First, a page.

Marx To Joseph Weydemeyer [293]
In Frankfurt Am Main

Source: MECW Volume 38, p. 218;
Written: 19 December 1849;
First published: in Marx and Engels, Works, First Russian Edition, 1934.

London, 19 December 1849
4 Anderson Street, Kings Road, Chelsea

Dear Weydemeyer,

An unconscionable time has elapsed since I last wrote to you. Civil vexations of every kind, all manner of business and, finally, the general difficulty I have in bringing myself to write a letter, will explain to you my long silence. I have at last, after so many vicissitudes, succeeded in giving reality to my Revue [Neue Rheinische Zeitung. Politisch-ökonomische Revue] that is to say, I have a printer and a distributor in Hamburg. [J. E. M. Köhler and J. Schuberth] Otherwise we do everything at our own expense. The worst of it is that in Germany so much time is always lost before one can get to the point of publication. I have little doubt that by the time 3, or maybe 2, monthly issues have appeared, a world conflagration will intervene and the opportunity of temporarily finishing with political economy will be gone.[294]

As you live in the heart of Germany and hence are more familiar with the details than we are, you might perhaps find time to describe, for our Revue, briefly and concisely in a few main features, the present condition of South Germany and everything connected with it.[295]

I would further request you to insert the following announcement in your paper [Marx and. Engels, ‘Announcement of the Neue Rheinische Zeitung. Politisch-ökonomische Revue’ published in the Neue Deutsche Zeitung, edited by Weydemeyer, 16 and 26 January and 5 February 1850] but not until you have seen the announcement in the Kölnische Zeitung for which the bookseller in Hamburg will be responsible. Perhaps you could send a copy to Westphalia. For you will see from the announcement that, besides our circulation through the book trade, we want to establish another by asking our party comrades to draw up subscription lists and send them to us here. For the time being we shall have to keep the price fairly high and the number of sheets low. Should our resources increase as a result of a wider circulation, this defect will be remedied.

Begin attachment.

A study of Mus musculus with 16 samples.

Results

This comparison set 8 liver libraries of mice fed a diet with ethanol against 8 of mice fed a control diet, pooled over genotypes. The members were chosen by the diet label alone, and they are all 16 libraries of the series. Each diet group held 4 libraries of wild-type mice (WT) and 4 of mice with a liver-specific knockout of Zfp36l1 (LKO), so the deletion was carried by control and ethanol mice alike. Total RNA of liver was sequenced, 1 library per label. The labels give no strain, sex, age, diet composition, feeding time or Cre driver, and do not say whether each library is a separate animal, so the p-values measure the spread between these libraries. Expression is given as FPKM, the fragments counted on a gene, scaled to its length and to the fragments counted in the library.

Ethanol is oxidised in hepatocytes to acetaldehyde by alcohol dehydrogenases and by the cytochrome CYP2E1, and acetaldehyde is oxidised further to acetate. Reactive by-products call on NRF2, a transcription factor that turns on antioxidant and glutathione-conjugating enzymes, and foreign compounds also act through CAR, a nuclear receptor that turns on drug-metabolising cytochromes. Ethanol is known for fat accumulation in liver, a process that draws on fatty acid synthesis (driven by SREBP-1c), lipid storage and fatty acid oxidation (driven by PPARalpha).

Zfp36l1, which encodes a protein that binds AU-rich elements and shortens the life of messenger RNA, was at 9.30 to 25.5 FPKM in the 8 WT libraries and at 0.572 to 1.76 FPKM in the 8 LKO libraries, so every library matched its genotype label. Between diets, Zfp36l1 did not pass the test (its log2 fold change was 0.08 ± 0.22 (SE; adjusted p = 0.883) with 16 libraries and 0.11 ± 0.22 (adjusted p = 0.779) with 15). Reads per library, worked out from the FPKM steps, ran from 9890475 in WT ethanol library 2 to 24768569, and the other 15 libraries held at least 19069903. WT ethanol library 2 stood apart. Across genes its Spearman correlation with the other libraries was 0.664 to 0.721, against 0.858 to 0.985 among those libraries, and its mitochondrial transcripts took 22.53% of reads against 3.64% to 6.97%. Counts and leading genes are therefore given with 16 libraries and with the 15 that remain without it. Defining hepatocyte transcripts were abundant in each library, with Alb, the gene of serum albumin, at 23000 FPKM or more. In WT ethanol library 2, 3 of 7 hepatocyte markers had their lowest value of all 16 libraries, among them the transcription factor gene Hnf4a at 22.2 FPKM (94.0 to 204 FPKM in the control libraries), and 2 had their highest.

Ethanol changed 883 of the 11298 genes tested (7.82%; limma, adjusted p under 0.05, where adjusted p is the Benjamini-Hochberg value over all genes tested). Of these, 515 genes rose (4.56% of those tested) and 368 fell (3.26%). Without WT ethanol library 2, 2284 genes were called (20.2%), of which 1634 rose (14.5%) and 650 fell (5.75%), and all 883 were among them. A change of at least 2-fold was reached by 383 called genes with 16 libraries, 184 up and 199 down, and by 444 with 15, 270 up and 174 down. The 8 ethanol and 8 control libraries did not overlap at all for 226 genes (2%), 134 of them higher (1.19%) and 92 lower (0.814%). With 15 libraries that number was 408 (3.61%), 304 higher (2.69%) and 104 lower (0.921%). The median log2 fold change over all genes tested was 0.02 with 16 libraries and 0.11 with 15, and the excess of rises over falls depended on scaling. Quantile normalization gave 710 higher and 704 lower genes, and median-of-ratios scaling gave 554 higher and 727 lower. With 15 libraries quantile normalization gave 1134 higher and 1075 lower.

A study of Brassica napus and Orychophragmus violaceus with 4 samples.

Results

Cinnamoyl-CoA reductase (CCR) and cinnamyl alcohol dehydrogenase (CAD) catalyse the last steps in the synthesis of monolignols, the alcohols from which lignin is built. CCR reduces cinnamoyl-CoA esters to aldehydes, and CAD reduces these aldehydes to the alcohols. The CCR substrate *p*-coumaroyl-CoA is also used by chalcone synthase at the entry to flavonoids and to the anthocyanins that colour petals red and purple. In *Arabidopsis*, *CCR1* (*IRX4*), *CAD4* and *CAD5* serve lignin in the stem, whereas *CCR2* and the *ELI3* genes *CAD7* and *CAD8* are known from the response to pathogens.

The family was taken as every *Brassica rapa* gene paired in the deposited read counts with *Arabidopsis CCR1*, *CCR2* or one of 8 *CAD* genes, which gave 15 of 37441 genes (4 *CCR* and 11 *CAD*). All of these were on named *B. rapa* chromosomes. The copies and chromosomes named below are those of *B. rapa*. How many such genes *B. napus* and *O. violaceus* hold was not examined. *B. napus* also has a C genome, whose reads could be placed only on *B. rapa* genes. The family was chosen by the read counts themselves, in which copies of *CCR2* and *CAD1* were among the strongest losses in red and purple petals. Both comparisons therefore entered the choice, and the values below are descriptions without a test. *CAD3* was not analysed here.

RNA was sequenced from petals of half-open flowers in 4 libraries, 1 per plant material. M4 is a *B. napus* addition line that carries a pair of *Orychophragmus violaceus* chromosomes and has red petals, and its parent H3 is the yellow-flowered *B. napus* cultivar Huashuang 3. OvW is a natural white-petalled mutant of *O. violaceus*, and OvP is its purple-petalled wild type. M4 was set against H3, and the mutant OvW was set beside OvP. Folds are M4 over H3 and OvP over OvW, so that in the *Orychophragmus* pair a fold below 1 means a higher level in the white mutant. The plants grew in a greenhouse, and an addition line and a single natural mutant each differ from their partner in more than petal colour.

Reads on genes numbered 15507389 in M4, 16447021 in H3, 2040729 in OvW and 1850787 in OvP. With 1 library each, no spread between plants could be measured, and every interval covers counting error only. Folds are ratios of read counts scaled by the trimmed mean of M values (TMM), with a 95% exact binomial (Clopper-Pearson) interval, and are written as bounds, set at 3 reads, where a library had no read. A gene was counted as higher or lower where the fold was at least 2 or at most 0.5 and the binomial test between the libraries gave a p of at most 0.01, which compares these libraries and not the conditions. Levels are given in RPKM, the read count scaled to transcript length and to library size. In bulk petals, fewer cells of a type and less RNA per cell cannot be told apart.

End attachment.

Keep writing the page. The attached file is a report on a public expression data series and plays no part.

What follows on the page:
What do you think of the row between Proudhon, Blanc and Pierre Leroux? [296]

Willich sends you his regards, and likewise Engels, red Wolff [Ferdinand Wolff] and Weerth.

Here in England the most important movement is probably taking place at this moment. On the one hand, protectionist agitation supported by the fanaticised rural population — the consequences of the free corn trade are now beginning to be felt in the form I predicted years ago [Marx, Speech On the Question of Free Trade] — on the other, the Free Traders who, as financial and Parliamentary reformers, [284] are extending the wider political and economic logic of their system to home affairs and, as Peace Party, [269] to foreign affairs; finally, the Chartists who, while acting in concert with the bourgeoisie against the aristocracy, have at the same time resumed with increased vigour their own party activity against the bourgeois.[297] The conflict between these parties will be tremendous and the outward form of agitation will become more tempestuously revolutionary if, as I hope — and not without good reason — the Tories come to power in place of the Whigs. Another event as yet imperceptible on the Continent, is the mighty industrial, agricultural and commercial crisis now looming up. Were the Continent to postpone its revolution until after the onset of this crisis, England might from the start have to be an ally, albeit an unpopular one, of the revolutionary Continent. An earlier outbreak of revolution — unless directly motivated by Russian intervention — would in my view be a misfortune since at this particular time, with trade still on the up and up the mass of the workers in France, Germany, etc., as well as the entire strata of tradesmen, etc., though perhaps revolutionary in words, are certainly not so in reality.

You know that my wife has made the world richer by one citizen [Heinrich Guido — Fawksy]? She sends her warm regards to you and your wife. My best regards to the latter also.

Write soon.

K. Marx

Apropos, can you find out Citizen Hentze’s address for me?

You will have seen friend Heinzen’s inane bragging in the newspapers. This fellow, who was done for by the revolution in Germany — before that his things enjoyed a certain because the petty bourgeois and the commercial traveller liked to see printed in black and white the idiocies and rodomontades they themselves served mysteriously between the cheese and the biscuits at the wine-shop — is endeavouring to rehabilitate himself by compromising the other refugees in Switzerland and England — those who have really worked — in the eyes of those countries’ governments, [298] by kicking up a row, and earning himself a lucrative martyrdom by threatening shortly to gobble up a hundred thousand of Millions of men lunch.